Think of how much an improved mileage will save you for retirement: over 35 years, $600/year savings amounts to $21,000! (assuming no extra cost in car purchase, a 20% increase in mileage for a car with 21 mpg, with an average cost of $3.00 per gallon, and doing 20,000 miles/year)
Plus compound interests at an average of 4.5%/year that would make you close to $50,000 after 35 years!!
The Fuel Saving Tips
1. Driving Habits
Maybe one of the most important tips for gas saving: anticipate decelerations (incl. keeping distance from cars in front of you). Anticipate traffic light changes as well…
Don’t idle your car engine to warm up (or if it’s hard to get you out of your old habits, try to keep it to 20-30 seconds), it warms up best and most safely by driving immediately but without accelerating rapidly. For colder areas: use a block heater with timer, cold engines can use up to 50% more fuel for short trips.
Use cruise control as much as possible (except in hill areas) (But don’t overdo it either. Modern motors can handle better driving at lower rpm’s).
Change to a higher gear as soon as possible (& use overdrive gear when possible).
Turn engine off if not driving more than one minute.
Same if you still need to fasten seatbelts of your kids or (un)load your car, wait starting the engine till you’re ready: a couple of minutes a day turn into +10 hours of idle gas burning a year!
Keep a fuel consumption log to compare your mileage.
Have a real time mileage calculator installed
3. Car Cooling
Avoid use of AC or try to drive at cooler times.
AC vs. open windows? A good general rule might be (but depends on car type) open your windows in the city (it will also avoid your system ‘sucking’ in the exhaust gases from the car in front of you), use your AC at highways speeds starting around 50 mph or open just a little your windows.
Sunroofs can create a lot of drag depending on the model.
Park your car in shady or covered areas. You will need less AC and there will be less evaporation of gas.
If do use AC, try to put temp a bit higher, switching from very cold to warm outside will cost you your health as well.
Use a solar car cooling device while parked.
Set yourself a target each year and try to reduce 10% compared to previous year…. (well, if you can reduce 100% the first year…)
Don’t leave at the last minute, leave 5 minutes earlier and enjoy a safer and more pleasant ride with less swearing…
If you need to make a trip to a special store in some faraway place, maybe you can order it via internet/catalog?
Part of your planning: driving and filling up during cooler hours of the day (see Car Cooling and Fuel tips)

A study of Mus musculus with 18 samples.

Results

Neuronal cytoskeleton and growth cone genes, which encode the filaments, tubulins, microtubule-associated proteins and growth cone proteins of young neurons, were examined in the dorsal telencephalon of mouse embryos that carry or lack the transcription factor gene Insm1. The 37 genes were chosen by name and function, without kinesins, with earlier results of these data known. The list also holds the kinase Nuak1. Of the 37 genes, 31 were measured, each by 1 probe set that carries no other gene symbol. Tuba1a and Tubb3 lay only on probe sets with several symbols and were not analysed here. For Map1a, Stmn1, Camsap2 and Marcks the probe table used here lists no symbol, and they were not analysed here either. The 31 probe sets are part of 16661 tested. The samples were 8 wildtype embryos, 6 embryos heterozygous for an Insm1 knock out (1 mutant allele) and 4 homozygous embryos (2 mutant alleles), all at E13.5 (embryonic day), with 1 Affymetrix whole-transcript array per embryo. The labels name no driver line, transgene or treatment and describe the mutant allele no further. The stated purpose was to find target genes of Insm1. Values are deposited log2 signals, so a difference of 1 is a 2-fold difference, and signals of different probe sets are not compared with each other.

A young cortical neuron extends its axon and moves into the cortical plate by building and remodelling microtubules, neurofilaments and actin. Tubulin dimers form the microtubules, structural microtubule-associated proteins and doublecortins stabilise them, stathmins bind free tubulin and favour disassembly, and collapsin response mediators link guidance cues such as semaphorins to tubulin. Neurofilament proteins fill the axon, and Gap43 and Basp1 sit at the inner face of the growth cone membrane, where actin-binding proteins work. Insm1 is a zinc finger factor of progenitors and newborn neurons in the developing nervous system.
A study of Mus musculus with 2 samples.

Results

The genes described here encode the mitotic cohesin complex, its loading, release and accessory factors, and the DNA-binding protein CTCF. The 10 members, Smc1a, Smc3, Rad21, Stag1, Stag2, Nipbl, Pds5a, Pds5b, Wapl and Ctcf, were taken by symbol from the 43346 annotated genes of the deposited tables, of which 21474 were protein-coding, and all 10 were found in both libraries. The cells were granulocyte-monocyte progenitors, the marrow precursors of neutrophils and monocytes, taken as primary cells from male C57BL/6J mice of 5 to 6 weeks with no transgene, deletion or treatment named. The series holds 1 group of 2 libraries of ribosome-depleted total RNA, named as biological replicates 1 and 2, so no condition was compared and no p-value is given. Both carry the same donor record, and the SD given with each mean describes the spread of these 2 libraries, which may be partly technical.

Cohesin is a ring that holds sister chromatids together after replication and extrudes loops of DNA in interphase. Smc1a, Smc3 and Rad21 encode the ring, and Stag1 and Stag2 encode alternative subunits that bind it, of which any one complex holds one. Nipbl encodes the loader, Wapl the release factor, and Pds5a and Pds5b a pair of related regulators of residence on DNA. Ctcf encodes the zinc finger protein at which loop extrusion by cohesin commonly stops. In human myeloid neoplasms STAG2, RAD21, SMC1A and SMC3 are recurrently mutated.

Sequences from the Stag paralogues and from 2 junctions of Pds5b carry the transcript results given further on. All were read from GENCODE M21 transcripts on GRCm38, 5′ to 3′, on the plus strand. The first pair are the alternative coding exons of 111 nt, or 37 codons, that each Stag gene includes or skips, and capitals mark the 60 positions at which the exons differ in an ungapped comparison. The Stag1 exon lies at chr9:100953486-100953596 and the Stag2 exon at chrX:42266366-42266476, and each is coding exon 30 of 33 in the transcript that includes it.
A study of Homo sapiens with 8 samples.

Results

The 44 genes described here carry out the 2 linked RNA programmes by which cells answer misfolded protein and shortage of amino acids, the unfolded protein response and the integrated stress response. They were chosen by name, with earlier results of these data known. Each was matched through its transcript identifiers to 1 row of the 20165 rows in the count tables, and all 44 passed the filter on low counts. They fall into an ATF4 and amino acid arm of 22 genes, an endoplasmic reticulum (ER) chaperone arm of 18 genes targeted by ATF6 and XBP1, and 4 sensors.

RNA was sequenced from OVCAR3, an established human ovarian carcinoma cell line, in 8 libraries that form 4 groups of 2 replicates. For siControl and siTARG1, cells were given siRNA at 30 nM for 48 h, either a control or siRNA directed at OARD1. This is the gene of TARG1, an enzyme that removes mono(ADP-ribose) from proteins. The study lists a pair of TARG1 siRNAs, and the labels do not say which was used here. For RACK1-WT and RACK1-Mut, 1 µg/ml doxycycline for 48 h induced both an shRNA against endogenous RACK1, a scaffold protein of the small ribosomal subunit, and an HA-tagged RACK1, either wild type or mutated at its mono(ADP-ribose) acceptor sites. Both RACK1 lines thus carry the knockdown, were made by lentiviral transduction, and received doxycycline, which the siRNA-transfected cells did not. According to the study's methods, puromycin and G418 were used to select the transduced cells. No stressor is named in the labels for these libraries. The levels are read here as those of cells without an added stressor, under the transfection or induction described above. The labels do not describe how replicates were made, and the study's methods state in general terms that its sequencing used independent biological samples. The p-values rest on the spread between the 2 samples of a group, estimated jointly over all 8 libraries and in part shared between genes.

Plan to combine various trips into one, this is maybe one of the biggest gas saver?!
Avoid if possible busy hours, you’ll help decongest and will have a much better mileage as well.
Try to combine all your business places as much as possible in one location or nearby locations.
Keep tires inflated at recommended level (Research indicates that 50% of tires on the road are under inflated! They will also live longer and your driving will be safer.) Try to check your tire pressure monthly. Tire awareness campaign in Canada: BeTireSmart Just one under inflated tire can decrease your mpg by 3% and reduce your tire life by 6.000 miles!
Get your own accurate (digital) pressure gauge. They are cheap and more reliable than the ones from gas stations and are always available.
Especially influencing: rapid temperature changes can make your tire pressure drop.
Use low rolling resistance tires. They can increase your mileage by about 5%!
Get your snow tires off as soon as possible when not really needed anymore, they are mpg wasters!
6. Car Mechanics
Overall badly serviced cars can increase fuel use by 50%…
Keep car maintained and use recommended oil.
Especially faulty oxygen sensors, repairing these can improve your mileage by up to 40%!
7. Driving Education
Canada only: If you are learning how to drive: Choose a school with the Auto$mart Driver Education Kit in the program. Map of schools
Again in Canada: FleetSmart and SmartDriving training: FleetSmart
8. Car Loads
When loading heavily, try, if possible, to balance the weight more to the front to avoid lifting of the nose and increased air drag
Avoid the use of roof racks, try to load the stuff in the car and if racks are not used take them off, they can create 5-10% fuel increase.
Don’t carry around useless stuff in your trunk, all those extra pounds will reduce somehow your mpg. (Maybe a new incentive to loose some weight as well? Now, do leave the back seats in the car…)
Loose, missing or damaged gas caps (apparently 15%!) create millions of evaporated gallons of gas every year!
Lighter colors, both in and outside will reduce cooling needs! If you are not getting a new car but have a dark interior, how about adding washable light colored seat covers…?
Buying a new car: think that you can use a “roof rack box” for holidays or any use where the interior space would be too small and would compel you to buy a larger model. A roof box will decrease your mpg but will allow the purchase of a smaller car with better mpg that can be used all year long.